Good evening, faithful readers Today, I had the pleasure of making it to the somewhat rainy but nevertheless temperate city of Salt Lake City to touch down for World Horror Convention 2012, which has finally arrived. It was a bit of a trek getting up to Utah from Canada, but I made it and upon checking in and getting registration sorted with my badge and goodie bag, I had the good fortune of meeting Benjamin Kane Ethridge, Lincoln Crisler, and Ed Kurtz, all in one fell swoop!
The opening ceremony took place at 6pm with the convention co-ordinators reminding people of the local autograph signing at the Columbus library in town. There will be two cemetery tours, one tomorrow and one on Saturday, as well as reminders for the seances happening each night of the convention (for more information on these, visit the WHC 2012 website). There will be an updated grid of locations listing where each panel is taking place at the registration desk, as well as a complete list of readings, which people can pick up.
The winner of the HWA’s grand master award was also announced as T.E.D. Klein, who although he was quite honoured with the distinction, was unable to attend the convention to accept the award.
Although the night had no shortage of engaging and exciting panels, including ones on social media, vampires, and breaking into comic books, one of the coolest ones was with Scott Allie and Alice Henderson chatted with moderator Dana Fredsti about Buffy the Vampire Slayer and other cult shows and why they have had such enduring popularity in the minds and hearts of fans and readers, and it was great to get feedback on the fact that Buffy in particular resonates with people because Joss Whedon imbued horror with meaning and made it easily relatable to a mainstream audience.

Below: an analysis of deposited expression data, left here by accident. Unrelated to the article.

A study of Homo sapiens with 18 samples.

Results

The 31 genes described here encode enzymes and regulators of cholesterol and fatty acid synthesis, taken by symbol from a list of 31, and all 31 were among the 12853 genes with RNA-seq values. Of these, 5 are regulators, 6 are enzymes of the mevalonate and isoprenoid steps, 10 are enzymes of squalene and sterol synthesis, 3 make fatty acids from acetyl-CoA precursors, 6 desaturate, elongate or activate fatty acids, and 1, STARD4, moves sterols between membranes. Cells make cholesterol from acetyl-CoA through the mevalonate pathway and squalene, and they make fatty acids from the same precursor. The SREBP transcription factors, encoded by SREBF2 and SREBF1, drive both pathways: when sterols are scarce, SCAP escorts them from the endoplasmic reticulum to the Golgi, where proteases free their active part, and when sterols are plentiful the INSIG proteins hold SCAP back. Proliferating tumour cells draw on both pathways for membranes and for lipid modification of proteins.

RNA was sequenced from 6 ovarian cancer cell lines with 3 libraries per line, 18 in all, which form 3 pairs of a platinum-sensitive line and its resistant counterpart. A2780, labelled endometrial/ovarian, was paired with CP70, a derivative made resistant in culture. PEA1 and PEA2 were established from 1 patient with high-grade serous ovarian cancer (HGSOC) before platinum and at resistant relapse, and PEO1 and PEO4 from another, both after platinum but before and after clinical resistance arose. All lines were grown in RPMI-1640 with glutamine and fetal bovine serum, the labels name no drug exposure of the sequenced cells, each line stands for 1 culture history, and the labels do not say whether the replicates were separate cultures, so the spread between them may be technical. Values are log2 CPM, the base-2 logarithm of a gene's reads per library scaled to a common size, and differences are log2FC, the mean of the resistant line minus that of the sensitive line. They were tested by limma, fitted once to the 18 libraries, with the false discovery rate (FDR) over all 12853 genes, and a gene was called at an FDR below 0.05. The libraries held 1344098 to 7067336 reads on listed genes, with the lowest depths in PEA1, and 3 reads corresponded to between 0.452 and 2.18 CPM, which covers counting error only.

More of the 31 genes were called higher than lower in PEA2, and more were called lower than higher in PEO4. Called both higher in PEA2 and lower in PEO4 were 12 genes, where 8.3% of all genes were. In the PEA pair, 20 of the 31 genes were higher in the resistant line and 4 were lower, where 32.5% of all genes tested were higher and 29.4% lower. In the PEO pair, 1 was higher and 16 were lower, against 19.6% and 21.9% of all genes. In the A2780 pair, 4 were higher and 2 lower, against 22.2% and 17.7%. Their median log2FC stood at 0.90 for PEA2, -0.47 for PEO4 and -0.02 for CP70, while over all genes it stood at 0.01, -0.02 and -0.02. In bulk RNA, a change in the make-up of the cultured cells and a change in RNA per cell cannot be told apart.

Character development is agreed upon as one of the cornerstones of what establishes a series of the Buffy level of cult status, but another important component of graphic novel adaptations and novelizations of such series is to keep the core character details intact and to retain a particular voice to make it as authentic and true to the original as possible. Scott confessed that he doesn’t find Spike or Angel’s voices to be as taxing as coming up with the dialogue for Buffy and Xander. Scott and Alice also touched on the business aspects of licensing rights involved in acquiring a property for a graphic novel or book adaptation. There’s definitely more freedom in the areas both are allowed to explore or the plotlines, and since they’re not restricted by budget, they can do things like making Dawn a giant, or going against something Fox may not necessarily approve, like giving Buffy a lesbian subplot. Although most of the panel focused on Buffy the Vampire Slayer, Scott and Alice touched on some of the other series that they wouldn’t mind adapting, which for Scott included Twin Peaks and for Alice included Kolchak.
The Cutting Block Press party was also heaps of fun, and lots of the authors came by to join in the drinking and merriment. Tomorrow night, WHC attendees can expect parties from Damnation Books, Dark Moon Digest, and Evil Jester Press. Stay tuned for more coverage from the convention in the coming days.